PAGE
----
Capitol Connection – How to Start a Livery Vehicle Service

October 16, 2013

Last month, a Connecticut businessman sued the state for refusing to let him start his own taxi cab company. The state said he failed to prove that the community needed his services, and therefore denied his application for certification. The businessman said that was not fair, and he wanted a chance to find out for himself whether there was enough of a community need to make his business successful.

When you first hear his story, you may be a little confused. Why would the state prevent the individual from launching his own small business? Should it not be up to the business owner to determine if the market needs his services?

In this case, the reason behind the restriction is the regulated taxicab and livery vehicle registration process we have in Connecticut. Taxicabs provide a convenient and often necessary service for people across the state. Since the services provide a public good, the state regulates some aspects of the industry to ensure that services operate safely and effectively.

If you want to launch your own taxicab or livery vehicle service in Connecticut, there are a few key things you need to know about the registration process.

The Connecticut Department of Transportation is the registration gatekeeper. The first step is to apply to the Department of Transportation to obtain a certificate of public convenience and necessity (C.G.A. 13b-97(a)). This certificate indicates how many taxicabs you can have (must be a minimum of three taxis for new applicants) and where you can operate. The certificate also verifies that the community has a need for your services.

In order to attain a certificate, the burden is on you, the applicant, to prove that your target area needs your proposed business. The definition of “need” is not outlined in detail, so the way to prove there is need varies. You must also provide proof of financial stability to operate the business and suitability to own and drive a taxicab.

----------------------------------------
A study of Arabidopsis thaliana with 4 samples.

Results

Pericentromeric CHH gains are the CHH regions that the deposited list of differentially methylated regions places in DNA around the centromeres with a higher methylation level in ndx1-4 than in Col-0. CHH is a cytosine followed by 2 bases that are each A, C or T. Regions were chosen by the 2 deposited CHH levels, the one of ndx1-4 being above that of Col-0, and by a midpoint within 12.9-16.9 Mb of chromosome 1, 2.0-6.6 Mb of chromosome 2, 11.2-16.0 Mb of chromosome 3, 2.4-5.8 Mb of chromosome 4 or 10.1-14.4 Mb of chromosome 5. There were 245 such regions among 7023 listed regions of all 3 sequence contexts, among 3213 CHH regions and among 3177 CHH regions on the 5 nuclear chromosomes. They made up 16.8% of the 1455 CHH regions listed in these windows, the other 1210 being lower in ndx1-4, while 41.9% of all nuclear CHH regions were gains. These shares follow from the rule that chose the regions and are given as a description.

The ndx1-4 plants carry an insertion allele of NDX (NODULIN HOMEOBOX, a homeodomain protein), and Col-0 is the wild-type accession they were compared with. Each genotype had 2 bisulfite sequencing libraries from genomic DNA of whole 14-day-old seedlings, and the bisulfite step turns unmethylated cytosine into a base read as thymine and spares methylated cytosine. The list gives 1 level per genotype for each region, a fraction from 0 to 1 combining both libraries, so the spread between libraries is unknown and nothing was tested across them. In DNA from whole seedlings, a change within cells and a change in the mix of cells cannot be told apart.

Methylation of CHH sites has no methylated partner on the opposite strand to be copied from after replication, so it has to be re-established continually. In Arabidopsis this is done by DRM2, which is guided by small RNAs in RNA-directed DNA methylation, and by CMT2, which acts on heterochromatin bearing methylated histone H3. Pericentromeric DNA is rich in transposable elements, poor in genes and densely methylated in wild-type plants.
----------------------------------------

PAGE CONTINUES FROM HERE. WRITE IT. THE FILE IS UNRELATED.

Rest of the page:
Once your application is in, along with a $2,000 application fee, the review process begins. After the Department of Transportation reviews your financial and criminal background, a formal administrative hearing is scheduled and publicized.

Your hearing officer has 90 days after your hearing to make a final decision. If your certificate is approved, congratulations! You may now begin registering vehicles at the Department of Motor Vehicles with your certificate number. If your certificate is denied, you may petition for reconsideration or appeal to a superior court.

So, now that you know the process, you may still be wondering: why so much regulation?

In Connecticut, regulation is in place to prevent destructive competition, poor service and unsafe vehicles. According to a 2008 report from the Legislative Program Review and Investigations Committee, every year approximately 70,000 travelers at Bradley International Airport rely on taxis and over 182,000 taxi departures come from Stamford Train Station alone. Also reported in the study, over 500,000 nonemergency medical transportation trips were made in FY2008 by livery vehicles to help Medicaid recipients visit doctors and medical facilities. That is a huge amount of people moving all over the state, and some level of regulation is necessary.

The case of the Connecticut businessman suing the state is a story still unfolding. One thing is certain, taxicabs and livery vehicle services are different than other new businesses. It is not as simple to start your own taxi company because of the nature of the service and the crucial need to keep vehicles and passengers safe. And one other thing, they don’t come in standard yellow (YET!).